Let’s presume you’re old enough to remember any of the following:
- Life before the Internet.
- TVs with only four stations, not to mention a fuzzy picture.
- The El Camino.
- The Ohio Players.
- Doug Williams as a thriving, young NFL quarterback.
If any of that made you grin, you probably remember where you were on Jan. 31, 1988, when Williams carved out a special place in Super Bowl history by carving up the Denver Broncos.
In one of the game’s greatest performances, Williams threw for a then-record 380 yards and four touchdowns, leading the Washington Redskins to a 42-10 wipeout in Super Bowl XXII.
One other fairly important thing: In doing so, Williams became the first black quarterback to win a Super Bowl.
Alabama A&M coach Anthony Jones sure remembers that moment.
A seldom-used tight end on that ’87 Redskins team, he was there. He was close — much closer to Williams than most.
The night before the biggest game of their lives, Jones and Williams were roommates.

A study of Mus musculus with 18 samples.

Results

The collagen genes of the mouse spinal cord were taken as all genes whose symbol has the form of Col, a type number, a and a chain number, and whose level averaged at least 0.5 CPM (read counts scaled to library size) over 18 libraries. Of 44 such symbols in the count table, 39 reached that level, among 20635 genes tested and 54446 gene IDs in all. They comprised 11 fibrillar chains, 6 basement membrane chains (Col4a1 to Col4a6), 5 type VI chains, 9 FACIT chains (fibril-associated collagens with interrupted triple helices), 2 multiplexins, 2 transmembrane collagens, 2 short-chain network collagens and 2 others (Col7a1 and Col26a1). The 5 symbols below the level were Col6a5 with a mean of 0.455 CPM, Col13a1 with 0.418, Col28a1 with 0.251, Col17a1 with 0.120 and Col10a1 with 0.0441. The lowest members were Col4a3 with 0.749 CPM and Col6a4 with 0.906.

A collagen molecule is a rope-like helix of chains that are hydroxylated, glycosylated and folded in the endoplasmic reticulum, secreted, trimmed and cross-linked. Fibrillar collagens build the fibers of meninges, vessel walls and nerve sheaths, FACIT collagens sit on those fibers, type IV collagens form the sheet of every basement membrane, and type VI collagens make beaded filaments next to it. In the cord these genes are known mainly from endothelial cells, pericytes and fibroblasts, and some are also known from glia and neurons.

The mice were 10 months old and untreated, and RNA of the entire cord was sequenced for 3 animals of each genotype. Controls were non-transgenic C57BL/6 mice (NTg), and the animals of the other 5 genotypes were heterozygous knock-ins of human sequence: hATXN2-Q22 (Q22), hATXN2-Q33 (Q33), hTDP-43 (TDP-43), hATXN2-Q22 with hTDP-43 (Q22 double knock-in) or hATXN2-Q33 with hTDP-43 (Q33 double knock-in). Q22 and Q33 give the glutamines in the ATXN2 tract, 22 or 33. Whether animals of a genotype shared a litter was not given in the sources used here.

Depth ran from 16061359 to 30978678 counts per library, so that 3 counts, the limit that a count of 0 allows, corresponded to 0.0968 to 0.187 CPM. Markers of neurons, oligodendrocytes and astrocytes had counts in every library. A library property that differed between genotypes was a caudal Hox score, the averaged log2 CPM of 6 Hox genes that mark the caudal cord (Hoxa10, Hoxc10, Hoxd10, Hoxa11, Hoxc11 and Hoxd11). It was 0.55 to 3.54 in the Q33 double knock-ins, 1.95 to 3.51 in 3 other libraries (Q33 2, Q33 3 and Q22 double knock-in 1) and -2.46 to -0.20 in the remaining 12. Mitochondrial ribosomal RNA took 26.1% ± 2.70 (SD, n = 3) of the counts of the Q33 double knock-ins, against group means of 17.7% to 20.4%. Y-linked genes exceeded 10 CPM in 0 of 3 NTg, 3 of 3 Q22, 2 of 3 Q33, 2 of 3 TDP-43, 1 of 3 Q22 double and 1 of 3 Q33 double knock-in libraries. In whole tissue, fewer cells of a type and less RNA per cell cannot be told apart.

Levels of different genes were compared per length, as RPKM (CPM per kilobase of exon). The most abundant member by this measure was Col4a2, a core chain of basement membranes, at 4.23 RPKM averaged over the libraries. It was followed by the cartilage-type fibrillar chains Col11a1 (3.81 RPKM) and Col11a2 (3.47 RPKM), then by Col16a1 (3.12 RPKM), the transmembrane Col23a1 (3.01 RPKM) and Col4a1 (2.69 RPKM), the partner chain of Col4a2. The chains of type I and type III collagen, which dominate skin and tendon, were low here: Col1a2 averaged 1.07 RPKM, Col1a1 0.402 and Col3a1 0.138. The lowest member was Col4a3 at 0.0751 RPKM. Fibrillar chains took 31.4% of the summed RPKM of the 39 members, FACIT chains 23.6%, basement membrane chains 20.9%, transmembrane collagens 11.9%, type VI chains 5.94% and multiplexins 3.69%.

How did they pass the time? What did they say to each other?
“For me, it’s kind of hard to talk about,” said Williams, now in his second coaching stint at Grambling, his beloved alma mater.
“We were roommates, but I’d had a four-hour root canal. I was in a lot of pain. ... But we played the whole season together. We always talked because we were on the same side of the ball.”
We all use well-worn adages — it really is a small world ... the more things change, the more they stay the same — to help ourselves survive everyday life, if not marvel at it.
Sometimes, these adages are actually on the money.
Since that cool night in San Diego, Jones and Williams have met many times.
At noon Saturday in Birmingham, Ala., they’ll meet again. Williams and Grambling face Jones and Alabama A&M in the Southwestern Athletic Conference Championship Game.
Jones is in his 10th season at Alabama A&M, and as the dean of SWAC coaches, he squared off against Williams during his first turn as Grambling’s coach, from 1998-2003. They met in the 2000 and ’02 title games. Williams won both times.
“I know people refer to me as the dean of the conference. ... Doug is the dean of championships,” Jones said. “He has more championships than anyone as a head coach. He’s been consistent. That’s the tough part about this thing. You’re going to go up against a guy who knows how to win.”
It’s an odd thing, really.
Jones said he and Williams talk frequently — about old times and life, but mostly about football. If one coach is looking for advice on how to handle a certain issue, he might call the other.
But don’t be mistaken: This week, they’re not talking to each other a whole lot.
Which, come to think of it, is kind of like that night before the Super Bowl.